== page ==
The growth of a public health manager expert : John Adlesich on healthcare industry trends: Think outside your ZIP code. With the emergence of virtual services and virtual workforces, the talent pool is expanding and new entrants are emerging that can offer services at a lower cost and often at a higher quality than is possible for some organizations. One example is the collaboration between tele-ICU service providers and small, rural hospitals to improve their patients’ access to highly specialized critical care. Organizations also have increased flexibility to find personnel in clinical areas, such as subspecialty radiologists, and to cover nonclinical areas where it’s difficult to recruit talent, such as revenue cycle specialists, IT staff and customer service representatives.
John Adlesich about healthcare industry trends: The ACA also includes many popular, patient-focused programs, making it less likely to face repeal. These include the protection for individuals with pre-existing conditions, parental healthcare coverage for children up to age 26, and greater access to health insurance through the exchanges. Popular on the healthcare-industry side are value-based care (VBC) and the Medicare Shared Savings Program. These programs and are likely to continue, regardless of the ACA’s future, because they enjoy bipartisan support. The Biden administration may also take steps to strengthen aspects of the ACA, such as making more resources available for demonstration projects, and raising tax credits and subsidies to purchase insurance on the exchanges. These actions may be attainable within the framework of the existing law and wouldn’t require new legislation.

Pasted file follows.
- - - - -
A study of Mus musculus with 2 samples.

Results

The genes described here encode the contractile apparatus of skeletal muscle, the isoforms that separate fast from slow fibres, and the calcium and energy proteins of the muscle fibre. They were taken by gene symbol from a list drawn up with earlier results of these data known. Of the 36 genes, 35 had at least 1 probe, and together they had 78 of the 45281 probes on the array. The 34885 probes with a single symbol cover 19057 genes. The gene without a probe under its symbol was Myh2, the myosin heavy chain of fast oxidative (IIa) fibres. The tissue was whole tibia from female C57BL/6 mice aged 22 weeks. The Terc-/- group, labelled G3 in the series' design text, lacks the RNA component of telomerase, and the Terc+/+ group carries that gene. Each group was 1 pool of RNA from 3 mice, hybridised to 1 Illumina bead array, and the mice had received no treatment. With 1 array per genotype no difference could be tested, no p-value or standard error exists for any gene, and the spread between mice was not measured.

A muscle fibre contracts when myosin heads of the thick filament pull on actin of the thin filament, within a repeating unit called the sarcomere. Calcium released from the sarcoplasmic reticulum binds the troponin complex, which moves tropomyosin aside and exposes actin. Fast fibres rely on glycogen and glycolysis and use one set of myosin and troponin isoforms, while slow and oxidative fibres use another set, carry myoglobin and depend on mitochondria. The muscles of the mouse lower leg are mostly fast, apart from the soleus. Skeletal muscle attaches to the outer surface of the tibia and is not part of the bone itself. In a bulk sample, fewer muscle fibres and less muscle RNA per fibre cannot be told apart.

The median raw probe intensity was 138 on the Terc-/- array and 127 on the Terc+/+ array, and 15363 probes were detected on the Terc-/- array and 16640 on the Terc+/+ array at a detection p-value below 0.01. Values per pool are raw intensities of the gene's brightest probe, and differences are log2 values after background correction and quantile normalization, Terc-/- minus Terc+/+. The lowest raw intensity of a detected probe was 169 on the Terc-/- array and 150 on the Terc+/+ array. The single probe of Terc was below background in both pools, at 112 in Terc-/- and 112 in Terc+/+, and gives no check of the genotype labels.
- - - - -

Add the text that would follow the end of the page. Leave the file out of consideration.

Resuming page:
John Adlesich believes that 2021 is a crossroads year for the healthcare industry. COVID-19 focused the nation’s attention on the risks associated with overreliance on overseas markets for critical supplies, drugs, and equipment. As an “easy” answer, some are now calling for manufacturers to produce a plurality of medical products domestically. While added domestic investments and expanded US manufacturing capacity are vital components of a holistic strategy for reliable supply, it will be important to strike a balanced approach—one that includes a domestic strategy, but at its core is about diversifying supply, including raw materials, pharmaceutical ingredients, and finished drugs. Achieving this vision requires a surgical approach, starting with identifying the products that are truly needed in an emergency to ensure there isn’t undue concentration in a single country or region. In our view, that means ensuring three or more global suppliers and at least one US-based source readily available to serve the American people. Assessing risk will require new transparency initiatives, requiring manufacturers of critical products to share vital information with government, including supply sources, centers of manufacturing, redundancy and contingency protocols, etc. And all this new information needs a technology backbone that helps government better track product availability, supply chain performance, and sources of supply to predict potential trouble spots in real time during another emergency.
John Adlesich currently works as administrator at Marquis Companies. His latest healthcare industry experience includes positions as executive director at Powerback Rehabilitation Lafayette (Genesis Healthcare) between Aug 2020 – Jan 2021, administrator at Mesa Vista of Boulder between Mar 2019 – Aug 2020, chief executive officer at Sedgwick County Memorial Hospital between Jul 2018 – Feb 2019, interim chief operating officer at Toiyabe Indian Health Project between Mar 2018 – Jun 2018.